There are very few easy shots at deer, and no easy ones at big deer. When your heart is lodged in your windpipe and your hands are afflicted with the tremors, you can miss almost any rifle shot. But the shots you are most likely to miss, the ones you really need to practice, and the ones that Fate is most apt to give you the next time you see a trophy animal are the five below.
Here they are and how to make them.
1. The Uphill/Downhill Rifle Shot
Deer live to ripe old ages because hunters can’t remember whether or not you’re supposed to hold high on a downhill shot, or low on an uphill shot, or what, and when they actually have a deer in the crosshairs, the fact that they can’t remember causes them to panic, hold somewhere over or under the deer, and pull the trigger—only to be rewarded by the sight of a perfectly healthy buck bounding away. The rule is, you hold low for uphill and downhill shots. The steeper the angle of the shot in either direction, the less gravity pulls on your bullet, and the less you have to compensate for range. How much do you hold low? That depends on the distance, the angle, and the velocity of your slug, but the rule of thumb is, not much. Hold low by only a few inches even on steeply angled shots, even at long ranges, and you won’t go wrong.
2. The Point-Blank Rifle Shot
This is the worst one of all, because if you miss, you’ll feel like Charlie Brown did after Lucy yanked the football away, with bile in your mouth and bitterness in your heart. Once in a great while, a deer will do something stupid, and you will have the critter right out there in the open where you can’t miss—but you do. The reason you don’t hit him is because he looks so big that you don’t bother to aim; you just point the rifle in his general direction and pull the trigger. The solution is quite simple. Pick an imaginary spot on the animal’s heart-lung area and aim at the spot. Or prepare to say “Aaaaaugh!” Or a lot worse.
3. The Running-Deer Shot
Running shots can be made, but they are always chancy propositions under the best of circumstances. But if you must shoot, here are some hints that may help you connect. Don’t shoot at a running deer more than 50 yards away—the lead required is way too long and the odds are just too great. Not only can you miss with ease, but you can gut-shoot the animal, and that is to be avoided at all costs. Similarly, don’t try to shoot at any range when the deer has all his afterburners lit. If the critter is trotting, or loping, and is within 50 yards or so, you may want to try it. Get the crosshairs on the front part of his shoulder, and swing, as with a shotgun. As you’re swinging, pull the trigger. The bullet should hit a handsbreadth or so to the rear of where you aimed, and it should do the trick. That’s a rough guide. A lot depends on the velocity of your bullet, how fast you swing, and how quickly you shoot when the sight picture looks right.
4. The 300-Yard Rifle Shot
You see this most out West when hunters from the East, who have never seen a shootable deer farther than 100 yards, have to hit one out in the open at 300 yards. It looks as though the animal is in the next county, and the overwhelming temptation is to aim over the critter’s back. This leads to leftover lasagna for dinner instead of venison. Deer are smaller and lower to the ground than people think they are, so they look farther away than they really are. Moreover, modern rifle cartridges shoot flat, and the really fast ones shoot uncannily flat. You can make long shots by remembering the following: If your bullet is going 2700 feet per second or more, and it’s zeroed in to hit 2 to 3 inches high at 100 yards, a 300-yard deer is in point-blank range. Hold in the upper third of his chest and you’ll get him. The golden rule for shots out to 300 yards or so is “Never hold out of the hair”—that is, never take your crosshairs off the animal.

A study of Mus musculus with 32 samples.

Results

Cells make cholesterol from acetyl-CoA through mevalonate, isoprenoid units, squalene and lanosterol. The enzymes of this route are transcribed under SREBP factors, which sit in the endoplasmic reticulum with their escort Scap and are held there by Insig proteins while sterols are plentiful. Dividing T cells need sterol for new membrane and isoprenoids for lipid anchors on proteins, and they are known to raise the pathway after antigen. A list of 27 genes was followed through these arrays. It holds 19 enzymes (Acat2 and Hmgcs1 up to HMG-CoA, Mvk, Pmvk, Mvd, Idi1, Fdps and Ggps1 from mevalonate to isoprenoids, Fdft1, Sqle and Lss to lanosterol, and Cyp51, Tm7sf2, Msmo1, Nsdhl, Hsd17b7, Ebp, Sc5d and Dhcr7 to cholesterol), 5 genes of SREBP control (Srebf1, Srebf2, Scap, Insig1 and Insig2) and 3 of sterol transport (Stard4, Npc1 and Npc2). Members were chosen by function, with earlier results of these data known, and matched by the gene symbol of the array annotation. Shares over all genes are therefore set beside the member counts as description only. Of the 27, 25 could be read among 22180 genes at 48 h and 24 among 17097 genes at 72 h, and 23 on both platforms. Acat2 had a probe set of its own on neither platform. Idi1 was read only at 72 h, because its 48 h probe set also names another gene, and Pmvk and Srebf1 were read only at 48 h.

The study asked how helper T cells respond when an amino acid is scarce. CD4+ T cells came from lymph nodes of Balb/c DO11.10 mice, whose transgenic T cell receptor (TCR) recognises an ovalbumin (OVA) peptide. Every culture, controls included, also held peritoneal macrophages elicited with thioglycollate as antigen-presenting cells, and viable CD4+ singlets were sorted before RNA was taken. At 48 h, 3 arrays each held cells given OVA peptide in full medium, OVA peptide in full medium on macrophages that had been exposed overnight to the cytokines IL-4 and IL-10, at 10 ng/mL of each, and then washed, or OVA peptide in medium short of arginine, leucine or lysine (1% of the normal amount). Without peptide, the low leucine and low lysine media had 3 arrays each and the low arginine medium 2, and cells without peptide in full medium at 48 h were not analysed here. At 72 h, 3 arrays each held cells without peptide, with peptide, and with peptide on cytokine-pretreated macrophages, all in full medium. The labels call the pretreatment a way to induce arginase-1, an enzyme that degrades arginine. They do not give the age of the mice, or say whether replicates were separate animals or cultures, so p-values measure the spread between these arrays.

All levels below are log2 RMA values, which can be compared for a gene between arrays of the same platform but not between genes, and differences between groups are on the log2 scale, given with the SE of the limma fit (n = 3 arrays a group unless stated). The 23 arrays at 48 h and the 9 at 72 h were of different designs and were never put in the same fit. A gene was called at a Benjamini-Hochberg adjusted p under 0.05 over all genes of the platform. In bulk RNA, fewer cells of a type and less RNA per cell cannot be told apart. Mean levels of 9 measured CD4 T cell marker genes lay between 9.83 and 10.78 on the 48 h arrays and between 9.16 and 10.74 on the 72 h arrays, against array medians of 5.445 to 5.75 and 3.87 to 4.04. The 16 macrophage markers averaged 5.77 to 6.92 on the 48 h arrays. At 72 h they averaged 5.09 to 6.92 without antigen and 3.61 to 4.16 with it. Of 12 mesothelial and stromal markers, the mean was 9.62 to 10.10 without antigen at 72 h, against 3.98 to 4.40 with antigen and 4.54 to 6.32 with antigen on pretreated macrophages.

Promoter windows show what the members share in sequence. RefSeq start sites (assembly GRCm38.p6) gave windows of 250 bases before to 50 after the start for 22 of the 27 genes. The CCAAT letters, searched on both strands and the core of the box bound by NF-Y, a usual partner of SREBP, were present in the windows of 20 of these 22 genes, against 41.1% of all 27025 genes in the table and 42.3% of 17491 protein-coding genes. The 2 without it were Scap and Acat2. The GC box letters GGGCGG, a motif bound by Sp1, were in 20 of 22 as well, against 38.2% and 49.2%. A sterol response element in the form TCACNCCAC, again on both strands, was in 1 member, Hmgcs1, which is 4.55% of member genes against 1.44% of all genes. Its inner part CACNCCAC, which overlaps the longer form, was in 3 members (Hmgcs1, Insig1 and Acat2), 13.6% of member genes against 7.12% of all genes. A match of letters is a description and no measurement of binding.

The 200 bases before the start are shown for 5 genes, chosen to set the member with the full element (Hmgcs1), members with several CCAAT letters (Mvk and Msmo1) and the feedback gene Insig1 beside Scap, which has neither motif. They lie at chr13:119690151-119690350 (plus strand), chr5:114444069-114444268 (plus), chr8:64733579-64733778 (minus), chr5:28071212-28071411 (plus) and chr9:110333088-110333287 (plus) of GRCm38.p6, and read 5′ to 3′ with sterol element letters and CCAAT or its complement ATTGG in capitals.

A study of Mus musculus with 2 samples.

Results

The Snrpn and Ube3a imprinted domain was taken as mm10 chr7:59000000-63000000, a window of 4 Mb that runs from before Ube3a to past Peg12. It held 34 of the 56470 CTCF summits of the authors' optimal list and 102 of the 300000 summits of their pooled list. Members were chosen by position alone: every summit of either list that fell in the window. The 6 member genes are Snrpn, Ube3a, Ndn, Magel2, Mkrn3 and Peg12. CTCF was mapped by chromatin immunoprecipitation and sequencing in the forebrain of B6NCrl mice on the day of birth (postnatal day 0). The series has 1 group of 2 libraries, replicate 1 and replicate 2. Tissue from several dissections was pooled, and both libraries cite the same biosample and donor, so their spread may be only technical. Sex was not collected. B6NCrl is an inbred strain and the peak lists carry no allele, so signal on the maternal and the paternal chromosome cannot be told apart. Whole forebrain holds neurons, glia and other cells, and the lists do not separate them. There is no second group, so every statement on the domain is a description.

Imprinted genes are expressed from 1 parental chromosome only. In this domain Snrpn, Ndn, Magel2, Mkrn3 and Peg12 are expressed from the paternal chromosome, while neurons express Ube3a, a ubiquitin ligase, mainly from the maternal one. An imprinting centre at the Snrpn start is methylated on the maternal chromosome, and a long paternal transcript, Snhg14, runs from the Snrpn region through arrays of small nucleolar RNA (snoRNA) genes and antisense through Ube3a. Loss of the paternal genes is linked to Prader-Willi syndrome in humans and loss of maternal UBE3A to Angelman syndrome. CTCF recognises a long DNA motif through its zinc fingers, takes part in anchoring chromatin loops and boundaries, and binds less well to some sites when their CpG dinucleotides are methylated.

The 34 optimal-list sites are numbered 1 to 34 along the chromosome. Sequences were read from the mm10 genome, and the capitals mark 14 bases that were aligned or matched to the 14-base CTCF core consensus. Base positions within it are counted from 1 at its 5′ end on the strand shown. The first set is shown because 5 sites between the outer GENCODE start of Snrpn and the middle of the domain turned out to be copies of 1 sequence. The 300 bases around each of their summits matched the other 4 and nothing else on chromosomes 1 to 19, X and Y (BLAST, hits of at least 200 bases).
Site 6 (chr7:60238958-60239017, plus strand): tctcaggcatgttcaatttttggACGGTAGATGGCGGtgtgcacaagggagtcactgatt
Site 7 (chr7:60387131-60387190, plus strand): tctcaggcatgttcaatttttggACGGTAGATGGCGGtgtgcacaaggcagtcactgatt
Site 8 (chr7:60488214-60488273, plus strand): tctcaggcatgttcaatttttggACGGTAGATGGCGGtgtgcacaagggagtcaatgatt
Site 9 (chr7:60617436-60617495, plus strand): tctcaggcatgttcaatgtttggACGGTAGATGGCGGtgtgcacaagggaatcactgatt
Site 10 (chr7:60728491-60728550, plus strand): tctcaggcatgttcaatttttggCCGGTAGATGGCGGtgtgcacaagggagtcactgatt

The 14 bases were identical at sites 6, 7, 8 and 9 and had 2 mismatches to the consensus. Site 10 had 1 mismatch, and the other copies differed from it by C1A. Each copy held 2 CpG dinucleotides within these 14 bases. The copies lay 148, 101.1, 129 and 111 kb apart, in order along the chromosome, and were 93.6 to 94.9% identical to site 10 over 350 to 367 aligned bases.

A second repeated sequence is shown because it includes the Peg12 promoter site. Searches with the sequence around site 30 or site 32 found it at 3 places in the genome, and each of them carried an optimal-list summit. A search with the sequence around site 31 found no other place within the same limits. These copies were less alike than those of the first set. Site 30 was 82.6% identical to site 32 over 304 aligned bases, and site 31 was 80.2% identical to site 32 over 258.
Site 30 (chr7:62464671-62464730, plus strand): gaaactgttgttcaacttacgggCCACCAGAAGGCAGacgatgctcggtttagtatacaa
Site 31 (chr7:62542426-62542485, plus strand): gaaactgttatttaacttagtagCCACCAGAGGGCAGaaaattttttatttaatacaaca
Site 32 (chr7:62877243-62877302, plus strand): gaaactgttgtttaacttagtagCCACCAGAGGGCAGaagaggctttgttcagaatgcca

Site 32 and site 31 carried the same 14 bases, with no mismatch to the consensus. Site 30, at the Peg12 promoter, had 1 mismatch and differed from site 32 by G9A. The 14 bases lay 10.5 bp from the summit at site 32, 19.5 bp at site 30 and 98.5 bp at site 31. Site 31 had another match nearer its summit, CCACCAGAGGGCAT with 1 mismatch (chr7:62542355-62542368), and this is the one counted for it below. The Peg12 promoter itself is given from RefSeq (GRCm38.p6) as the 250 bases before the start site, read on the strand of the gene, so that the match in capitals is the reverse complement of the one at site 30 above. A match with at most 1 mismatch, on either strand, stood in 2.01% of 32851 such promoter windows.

There is another reason why folks who rarely shoot at long range miss when the opportunity comes, and it is because they don’t know their equipment. They sight in at 100 yards, maybe glance at a ballistics chart, and figure they are good to go. And then they find out different. If you plan to shoot to 300 or beyond in the field, then you need to have done so on the range first—many times, to work out all the nuances with your particular rifle, load, and scope.
5. The Windy Rifle Shot
Wind, like long ranges, causes misses mostly by fooling shooters into overcompensating. Here are some general rules: Wind from directly in front of you (12 o’clock) or behind you (six o’clock) will not alter your bullet’s flight significantly at normal ranges. Wind coming from three o’clock or nine o’clock—directly right or left—will push it the hardest. In my experience, even the strongest wind is not a factor on big game at 100 yards or less. It’s when you get out past 200 that it can really push a bullet. If you’re shooting in a strong crosswind, pay close attention not only to what the breeze is doing where you are but to what it’s doing at the target. If you’re shooting a high-velocity cartridge at 300 yards with a strong crosswind at the target, allow for 6 to 8 inches of drift—no more. But if you’re dealing with ranges beyond 300 yards, the drift increases dramatically. The best, most detailed treatment of shooting in the wind is in U.S. Army FM (that’s Field Manual for you civilians) 23-10, Sniper Training. To get a copy, you can enlist and go to sniper school, or order it for less than $20 from Amazon.com.